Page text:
Elections in Great Britain

Elections in Great Britain
Flag Royal coat of arms
Territory of the Kingdom of Great Britain
Capital London
Languages English (de facto official), Cornish, Scots, Scottish Gaelic, Norn, Welsh
Government Parliamentary democracy and constitutional monarchy
   1707–14 Anne
  1714–27 George I
  1727–60 George II
  1760–1801 George III
Prime Minister
  1721–1742 Robert Walpole
  1742–1743 Earl of Wilmington
  1757–1762 Duke of Newcastle
  1766–1768 William Pitt the Elder
  1770–1782 Lord North
  1783–1801 William Pitt the Younger
Legislature Parliament
   Upper house House of Lords
   Lower house House of Commons of Great Britain
Historical era 18th century
   1707 Union 1 May 1707
   1801 Union 1 January 1801
   1801 230,977 km² (89,181 sq mi)
   1801 est. 16,345,646 
     Density 70.8 /km²  (183.3 /sq mi)
Currency Pound sterling
Preceded by
Succeeded by
Kingdom of England
Kingdom of Scotland
United Kingdom of Great Britain and Ireland
Today part of  United Kingdom
Cornish: Rywvaneth Breten Veur
Scots: Kinrick o Great Breetain
Scottish Gaelic: Rìoghachd na Breatainne Mòire
Welsh: Teyrnas Prydain Fawr
 England,  Scotland,  Wales.

Elections in the Kingdom of Great Britain were principally general elections and by-elections to the House of Commons of Great Britain. General elections did not have fixed dates, as parliament was summoned and dissolved within the royal prerogative, although on the advice of the ministers of the Crown. The first such general election was that of 1708, and the last that of 1796.

In 1801, the United Kingdom of Great Britain and Ireland replaced the Kingdom of Great Britain and the Kingdom of Ireland. For the period after 1801, see Elections in the United Kingdom.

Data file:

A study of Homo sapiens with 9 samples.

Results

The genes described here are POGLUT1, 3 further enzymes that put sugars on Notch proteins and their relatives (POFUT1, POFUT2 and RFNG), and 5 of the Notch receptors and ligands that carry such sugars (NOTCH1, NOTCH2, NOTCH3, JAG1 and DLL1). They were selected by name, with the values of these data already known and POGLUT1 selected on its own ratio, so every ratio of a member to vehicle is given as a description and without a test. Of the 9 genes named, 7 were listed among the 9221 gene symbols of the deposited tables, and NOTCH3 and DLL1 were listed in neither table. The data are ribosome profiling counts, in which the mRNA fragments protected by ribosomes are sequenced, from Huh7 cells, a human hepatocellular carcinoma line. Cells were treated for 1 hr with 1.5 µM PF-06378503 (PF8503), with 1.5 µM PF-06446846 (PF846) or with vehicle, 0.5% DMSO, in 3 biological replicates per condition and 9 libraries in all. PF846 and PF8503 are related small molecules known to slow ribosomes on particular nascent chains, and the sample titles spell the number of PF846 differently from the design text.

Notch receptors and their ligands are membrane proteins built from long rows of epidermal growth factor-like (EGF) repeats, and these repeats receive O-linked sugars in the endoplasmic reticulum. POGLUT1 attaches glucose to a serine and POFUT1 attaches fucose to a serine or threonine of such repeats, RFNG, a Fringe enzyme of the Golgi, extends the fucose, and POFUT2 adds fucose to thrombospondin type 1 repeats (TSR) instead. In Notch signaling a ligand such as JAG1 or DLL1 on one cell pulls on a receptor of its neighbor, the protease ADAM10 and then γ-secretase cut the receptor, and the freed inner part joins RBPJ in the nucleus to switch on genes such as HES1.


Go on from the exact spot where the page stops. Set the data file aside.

For details of the national elections of Great Britain, see:

Political factions

Politics in Great Britain was dominated by the Whigs and the Tories, although neither were political parties in the modern sense but loose alliances of interests and individuals. The Whigs included many of the leading aristocratic dynasties who were most committed to the Protestant settlement of the throne, with later support from the emerging industrial interests and rich city merchants, while the Tories were associated with the landed gentry, the Church of England and the Church of Scotland.[1]

Members of Parliament needed to appeal to a much smaller electorate than is the case today, especially in the boroughs. In the case of the rotten and pocket boroughs, a majority of the votes was usually controlled by one person, or by a small group. This gave less power to organized political parties and more to influential individuals, some of whom had themselves elected in the constituencies they controlled. Such seats were also sold for hard cash. Thus, many members were fundamentally Independents, even if they attached themselves to one party or another during their parliamentary careers.[1]

Members of Parliament and Parliamentary constituencies

The constituencies which elected members in England and Wales remained unchanged throughout the existence of the Parliament of Great Britain.[2]

Table of parliamentary constituencies and seats in the House of Commons
Country BC CC UC Total C BM CM UM Total Members
England[3] 203 40 2 245 405 80 4 489
Wales[3] 12 12 0 24 12 12 0 24
Scotland 15 30 0 45 15 30 0 45
Total 230 82 2 314 432 122 4 558

Local elections

There were few local elections in the Kingdom of Great Britain as the concept is now understood. Local government existed only in rudimentary forms, and much of the civil administration of the counties was carried out by the unelected Quarter Sessions and by magistrates. In the City of London, annual elections were held to the Corporation of London, but on a limited suffrage, and some improvement commissioners were elected by ratepayers, if not co-opted, while the borough and city corporations elsewhere were generally not directly elected.

For further information on local corporations during this period, see the reforming Municipal Corporations Act 1835.

See also


  1. 1 2 Keith Feiling; A History of the Tory Party, 1640–1714 (1924), online edition; The Second Tory Party, 1714–1832 (1938), online edition
  2. Chris Cook & John Stevenson, British Historical Facts 1760-1830 (The Macmillan Press, 1980)
  3. 1 2 Monmouthshire, with one county constituency represented by two members and one single-member borough constituency, is included in England. In later centuries it was included in Wales.